I spend most days doing my “real job” coaching people with diabetes remotely (on the phone mostly, or by email and text), and it gives me the unique opportunity to interact with the incredibly diverse population of people challenged by diabetes around the U.S. I hear their individual ideas and experiences, and I’m amazed by the variety of attitudes and strategies. Virtually everything about each individual is different in some way – except one thing.

Are there any cultural issues that affect your ability to manage your diabetes?

Our staff conducts a brief standardized survey with each new patient to create a profile – a baseline of their knowledge level, their support system, complicating medical issues, and a variety of other issues our coaches can consider as we work with each individual. One interesting question is, “Are there any cultural issues that affect your ability to manage your diabetes?” It seems like a question that would result in an amazing assortment of culturally unique challenges.

Here’s a sample of some answers:

“I’m from an Italian family, and we really like our food.”

“My family is African American, and we love our food.”

“I’m Irish — we really like eating.”

“I’m from the south, and we eat a lot.”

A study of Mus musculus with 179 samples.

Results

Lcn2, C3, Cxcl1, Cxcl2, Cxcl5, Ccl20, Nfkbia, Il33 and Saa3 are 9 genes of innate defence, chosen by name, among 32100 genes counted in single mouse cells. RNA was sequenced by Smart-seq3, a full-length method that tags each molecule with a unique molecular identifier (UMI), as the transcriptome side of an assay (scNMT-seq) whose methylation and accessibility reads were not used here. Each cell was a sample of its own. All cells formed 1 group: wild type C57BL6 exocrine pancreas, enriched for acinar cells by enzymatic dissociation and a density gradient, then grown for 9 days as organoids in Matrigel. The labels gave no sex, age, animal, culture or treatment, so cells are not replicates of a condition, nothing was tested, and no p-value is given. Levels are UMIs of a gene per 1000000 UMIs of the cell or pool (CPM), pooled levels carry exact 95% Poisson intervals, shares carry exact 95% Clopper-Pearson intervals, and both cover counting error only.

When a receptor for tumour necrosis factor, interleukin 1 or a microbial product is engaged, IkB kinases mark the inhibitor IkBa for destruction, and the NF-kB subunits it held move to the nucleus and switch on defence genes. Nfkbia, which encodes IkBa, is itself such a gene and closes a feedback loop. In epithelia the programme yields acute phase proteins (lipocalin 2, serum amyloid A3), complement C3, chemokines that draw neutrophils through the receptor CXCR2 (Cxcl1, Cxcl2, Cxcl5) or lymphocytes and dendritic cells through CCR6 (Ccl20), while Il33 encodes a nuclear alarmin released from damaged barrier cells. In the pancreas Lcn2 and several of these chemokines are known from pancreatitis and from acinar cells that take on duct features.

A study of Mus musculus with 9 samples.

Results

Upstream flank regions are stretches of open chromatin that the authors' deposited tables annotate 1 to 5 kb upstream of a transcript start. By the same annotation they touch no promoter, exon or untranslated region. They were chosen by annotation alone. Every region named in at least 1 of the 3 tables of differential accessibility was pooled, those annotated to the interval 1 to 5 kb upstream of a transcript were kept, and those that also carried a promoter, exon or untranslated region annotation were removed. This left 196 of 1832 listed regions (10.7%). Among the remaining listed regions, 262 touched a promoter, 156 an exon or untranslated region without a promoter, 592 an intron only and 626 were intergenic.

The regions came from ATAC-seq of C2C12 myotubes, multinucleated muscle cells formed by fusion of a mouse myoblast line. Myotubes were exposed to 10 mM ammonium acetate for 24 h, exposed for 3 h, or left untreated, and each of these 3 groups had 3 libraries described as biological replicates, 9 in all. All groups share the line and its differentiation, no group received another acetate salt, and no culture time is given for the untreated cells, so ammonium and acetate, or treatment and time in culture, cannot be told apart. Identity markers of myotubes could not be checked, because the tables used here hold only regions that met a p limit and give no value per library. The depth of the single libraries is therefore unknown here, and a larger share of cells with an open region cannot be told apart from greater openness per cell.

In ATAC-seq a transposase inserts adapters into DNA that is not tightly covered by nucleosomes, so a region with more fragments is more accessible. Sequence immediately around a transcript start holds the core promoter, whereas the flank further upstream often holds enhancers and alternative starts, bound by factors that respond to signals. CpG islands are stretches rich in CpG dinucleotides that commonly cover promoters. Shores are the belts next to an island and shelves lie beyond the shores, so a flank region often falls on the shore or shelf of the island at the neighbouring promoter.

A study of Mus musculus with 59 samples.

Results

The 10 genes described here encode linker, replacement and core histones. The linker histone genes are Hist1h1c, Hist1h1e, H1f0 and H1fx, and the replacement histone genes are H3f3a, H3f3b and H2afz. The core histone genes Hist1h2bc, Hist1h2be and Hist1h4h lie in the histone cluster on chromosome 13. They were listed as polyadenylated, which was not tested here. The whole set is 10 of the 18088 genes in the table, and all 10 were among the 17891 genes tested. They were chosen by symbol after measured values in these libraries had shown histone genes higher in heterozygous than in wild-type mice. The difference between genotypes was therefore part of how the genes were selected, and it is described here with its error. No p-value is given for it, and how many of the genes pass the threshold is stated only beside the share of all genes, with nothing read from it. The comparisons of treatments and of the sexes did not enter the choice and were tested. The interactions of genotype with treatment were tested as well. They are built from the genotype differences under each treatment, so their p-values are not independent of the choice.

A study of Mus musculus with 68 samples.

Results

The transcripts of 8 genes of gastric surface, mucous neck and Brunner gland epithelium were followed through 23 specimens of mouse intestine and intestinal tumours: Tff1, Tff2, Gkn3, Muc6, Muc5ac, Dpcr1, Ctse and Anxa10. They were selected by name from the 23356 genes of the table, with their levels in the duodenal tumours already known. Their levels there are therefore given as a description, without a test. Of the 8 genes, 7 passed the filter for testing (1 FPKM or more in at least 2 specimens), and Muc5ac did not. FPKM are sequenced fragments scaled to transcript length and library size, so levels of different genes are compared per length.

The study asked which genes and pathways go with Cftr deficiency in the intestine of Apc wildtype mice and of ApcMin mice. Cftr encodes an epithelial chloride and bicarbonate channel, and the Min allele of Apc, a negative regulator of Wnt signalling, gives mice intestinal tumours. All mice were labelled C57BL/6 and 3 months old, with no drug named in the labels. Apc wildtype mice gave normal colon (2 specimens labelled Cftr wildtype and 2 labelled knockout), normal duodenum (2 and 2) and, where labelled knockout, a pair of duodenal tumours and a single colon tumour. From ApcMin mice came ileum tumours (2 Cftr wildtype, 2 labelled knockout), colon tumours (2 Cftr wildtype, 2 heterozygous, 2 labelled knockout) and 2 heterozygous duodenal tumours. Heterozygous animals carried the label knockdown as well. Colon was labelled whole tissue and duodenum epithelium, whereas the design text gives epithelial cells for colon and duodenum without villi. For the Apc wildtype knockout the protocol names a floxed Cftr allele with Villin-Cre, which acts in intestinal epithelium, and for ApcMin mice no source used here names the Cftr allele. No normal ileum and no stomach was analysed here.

“Polish families love food.”

The culture of food

Everybody is challenged by food, and that may not be a huge surprise to you or me. But, the context of the question – culture – points out that we are challenged in part because food ties us so closely to not only our own cultural group, but to all manner of social interactions. The cultural and social aspects of eating are part of our emotional attachment to food, where food becomes associated with the pleasure of having a social connection with others. And, our personal history with these connections almost certainly reaches back to when we were very young.

So, the challenge food presents to effective diabetes management includes this intense emotion of the strong cultural and social connections we have with food. And, as you can see by the practically identical answers I get to my patient profile question, we recognize this challenge. So, how do we overcome it?

Planning ahead

My answer to overcoming emotional decisions about food (which actually tend to not really be decisions, but rather impulses) is planning ahead. You can read my older post “One Powerful Word – Planning” to learn how this strategy can help you gain better control of your eating patterns. And don’t worry – you can include your favorite foods. In the meantime, with all that seems to divide us highlighted in the news every day, I may have stumbled on to something we have in common – we like our food.

This article represents the opinions, thoughts, and experiences of the author; none of this content has been paid for by any advertiser. The team does not recommend or endorse any products or treatments discussed herein. Learn more about how we maintain editorial integrity here.